Thiruvathirakali is a dance form performed by women on the day of Thiruvathira to the accompaniment of Thiruvathira paattu. Thiruvathira paattu constitutes of folk songs that tell the tales of lovesick Parvathi, her longing and penance for Lord Shiva's affection and Shiva's might and power. The sinuous movements executed by the group of dancers around a nilavilakku embody lasya or the amorous charm and grace of the feminine. The dance follows a circular, pirouetting pattern accompanied by clapping of the hands and singing. Today, Thiruvathirakali has become a popular dance form for all seasons.
Thiruvathira kali is a typical dance form of Kerala. This is a female group dance made up of simple yet very attractive steps. In ancient times, women performed this dance in their homes during festivals and functions, giving it the Malayalam name Kaikottikali, meaning ‘a play of clapping hands'. Lore has it that Thiruvathira Kali is in memory of Lord Siva taking Parvathi as his wife. A group of women dressed in typical Kerala style mundu and neriyathu and the hair bun adorned with jasmine garlands perform this dance during festival seasons. Thiruvathira Kali spreads the message of joy and also illustrates the emotions of a married woman towards her beloved and of the unmarried woman longing for one.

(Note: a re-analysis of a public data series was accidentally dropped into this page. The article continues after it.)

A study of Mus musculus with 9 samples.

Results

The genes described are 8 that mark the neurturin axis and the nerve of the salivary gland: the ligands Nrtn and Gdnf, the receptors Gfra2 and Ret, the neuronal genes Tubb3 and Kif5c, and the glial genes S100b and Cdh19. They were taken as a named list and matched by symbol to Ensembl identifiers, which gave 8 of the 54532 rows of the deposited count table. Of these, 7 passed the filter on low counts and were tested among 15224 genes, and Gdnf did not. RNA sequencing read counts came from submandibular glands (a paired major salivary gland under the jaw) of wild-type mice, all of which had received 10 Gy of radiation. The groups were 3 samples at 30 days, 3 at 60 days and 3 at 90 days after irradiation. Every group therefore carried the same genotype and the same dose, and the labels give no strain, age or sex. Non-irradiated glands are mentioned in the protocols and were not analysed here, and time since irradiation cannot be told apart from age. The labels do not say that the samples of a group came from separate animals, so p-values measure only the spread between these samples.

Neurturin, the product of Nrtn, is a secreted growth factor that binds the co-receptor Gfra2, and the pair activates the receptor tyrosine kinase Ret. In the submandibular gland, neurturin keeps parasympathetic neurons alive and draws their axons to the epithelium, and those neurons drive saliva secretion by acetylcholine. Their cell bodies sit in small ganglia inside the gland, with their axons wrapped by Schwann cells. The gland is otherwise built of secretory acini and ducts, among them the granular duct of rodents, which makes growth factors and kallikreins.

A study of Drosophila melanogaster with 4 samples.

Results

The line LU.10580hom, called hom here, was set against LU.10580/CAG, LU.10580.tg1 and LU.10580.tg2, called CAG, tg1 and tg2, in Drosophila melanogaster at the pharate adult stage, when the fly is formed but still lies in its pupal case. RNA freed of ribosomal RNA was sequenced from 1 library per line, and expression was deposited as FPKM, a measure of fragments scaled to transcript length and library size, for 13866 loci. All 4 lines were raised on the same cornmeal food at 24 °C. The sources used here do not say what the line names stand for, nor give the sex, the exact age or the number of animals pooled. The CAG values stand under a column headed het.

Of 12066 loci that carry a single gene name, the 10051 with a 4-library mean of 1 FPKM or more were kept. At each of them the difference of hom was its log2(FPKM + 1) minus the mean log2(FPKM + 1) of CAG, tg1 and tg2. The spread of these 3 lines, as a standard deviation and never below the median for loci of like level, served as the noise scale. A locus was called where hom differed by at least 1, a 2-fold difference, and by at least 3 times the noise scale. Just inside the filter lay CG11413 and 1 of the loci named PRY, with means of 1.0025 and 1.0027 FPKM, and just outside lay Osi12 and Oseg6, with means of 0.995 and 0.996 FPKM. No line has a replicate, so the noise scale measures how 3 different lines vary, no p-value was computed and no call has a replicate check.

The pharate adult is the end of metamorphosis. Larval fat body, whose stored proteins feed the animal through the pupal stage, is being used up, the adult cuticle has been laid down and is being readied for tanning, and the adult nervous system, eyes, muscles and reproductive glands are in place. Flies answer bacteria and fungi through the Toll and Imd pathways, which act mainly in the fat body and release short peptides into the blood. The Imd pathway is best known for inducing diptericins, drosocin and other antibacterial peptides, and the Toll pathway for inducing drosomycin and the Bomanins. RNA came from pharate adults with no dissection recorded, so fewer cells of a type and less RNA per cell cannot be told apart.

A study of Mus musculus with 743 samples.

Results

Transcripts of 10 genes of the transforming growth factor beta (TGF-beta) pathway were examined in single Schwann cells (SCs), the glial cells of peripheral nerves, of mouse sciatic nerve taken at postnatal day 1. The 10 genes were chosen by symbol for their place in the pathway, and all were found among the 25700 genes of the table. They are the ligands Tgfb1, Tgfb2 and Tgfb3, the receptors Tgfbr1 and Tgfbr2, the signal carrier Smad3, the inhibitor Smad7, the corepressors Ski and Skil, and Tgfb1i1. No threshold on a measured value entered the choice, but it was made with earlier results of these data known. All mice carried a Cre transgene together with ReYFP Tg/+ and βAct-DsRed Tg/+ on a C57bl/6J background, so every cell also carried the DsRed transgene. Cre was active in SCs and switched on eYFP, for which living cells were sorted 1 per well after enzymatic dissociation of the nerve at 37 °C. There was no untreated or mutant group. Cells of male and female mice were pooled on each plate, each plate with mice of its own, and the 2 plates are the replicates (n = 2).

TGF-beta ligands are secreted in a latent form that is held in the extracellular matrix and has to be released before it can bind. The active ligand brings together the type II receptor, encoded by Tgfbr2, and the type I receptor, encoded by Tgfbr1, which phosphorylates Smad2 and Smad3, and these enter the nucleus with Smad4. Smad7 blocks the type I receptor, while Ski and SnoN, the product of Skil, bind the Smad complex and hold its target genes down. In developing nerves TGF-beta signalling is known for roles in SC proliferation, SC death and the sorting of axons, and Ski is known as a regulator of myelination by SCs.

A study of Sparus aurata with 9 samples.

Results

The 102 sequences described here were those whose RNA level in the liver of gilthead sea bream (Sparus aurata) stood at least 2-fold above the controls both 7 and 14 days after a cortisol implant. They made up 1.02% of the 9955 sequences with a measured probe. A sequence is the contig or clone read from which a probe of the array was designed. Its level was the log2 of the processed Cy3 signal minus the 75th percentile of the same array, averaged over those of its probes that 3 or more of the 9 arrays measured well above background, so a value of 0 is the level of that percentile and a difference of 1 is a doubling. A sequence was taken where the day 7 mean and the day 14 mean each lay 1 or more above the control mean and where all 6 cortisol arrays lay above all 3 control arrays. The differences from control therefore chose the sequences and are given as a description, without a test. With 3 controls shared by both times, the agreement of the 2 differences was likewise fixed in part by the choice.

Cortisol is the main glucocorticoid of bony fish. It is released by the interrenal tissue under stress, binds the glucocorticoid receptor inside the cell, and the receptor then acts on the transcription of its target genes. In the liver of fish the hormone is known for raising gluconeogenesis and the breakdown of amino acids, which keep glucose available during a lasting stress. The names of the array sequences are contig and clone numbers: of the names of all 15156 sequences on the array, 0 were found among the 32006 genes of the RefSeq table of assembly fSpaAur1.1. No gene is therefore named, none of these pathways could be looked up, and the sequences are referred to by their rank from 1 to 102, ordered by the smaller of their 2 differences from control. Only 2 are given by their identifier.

Raas or Dandiya Raas is a socio-religious folk dance which originated in Gujarat and is popularly performed during the festival of Navaratri. The dance is performed in the Marwar region of the Rajasthan too. Dandiya Raas, Gopgunthan Solanga Raas and Mer Dandiya Raas are the popular forms of Raas. In Saurashtra, Raas is performed by men while the dance performed by women is known as Raasda. The element of dance is more prominent in Raas while music is more prominent in Raasda.
Both men and women traditionally perform Dandiya Raas and the dance operates in pairs, meaning the group must contain an even number. Generally two lines are formed, with partners facing each other: The lines move clockwise, and each person steps forward to hit sticks with their partner, and then moves on two places to a new partner. At the end of the line, each turns and joins the opposite line, so the movement is continuous.
Dandiya Raas is performed in an eight-beat time cycle called Kaherva. On the first beat, the sticks in right and left hands are hit together. It is then followed by hitting the right stick with that of the partner, and the same routine is repeated with left sticks (or the same stick if using one) next. Each one then turns away to the left to hit their own sticks together before turning back to the partner to hit right sticks again. They then move on two places to a new partner.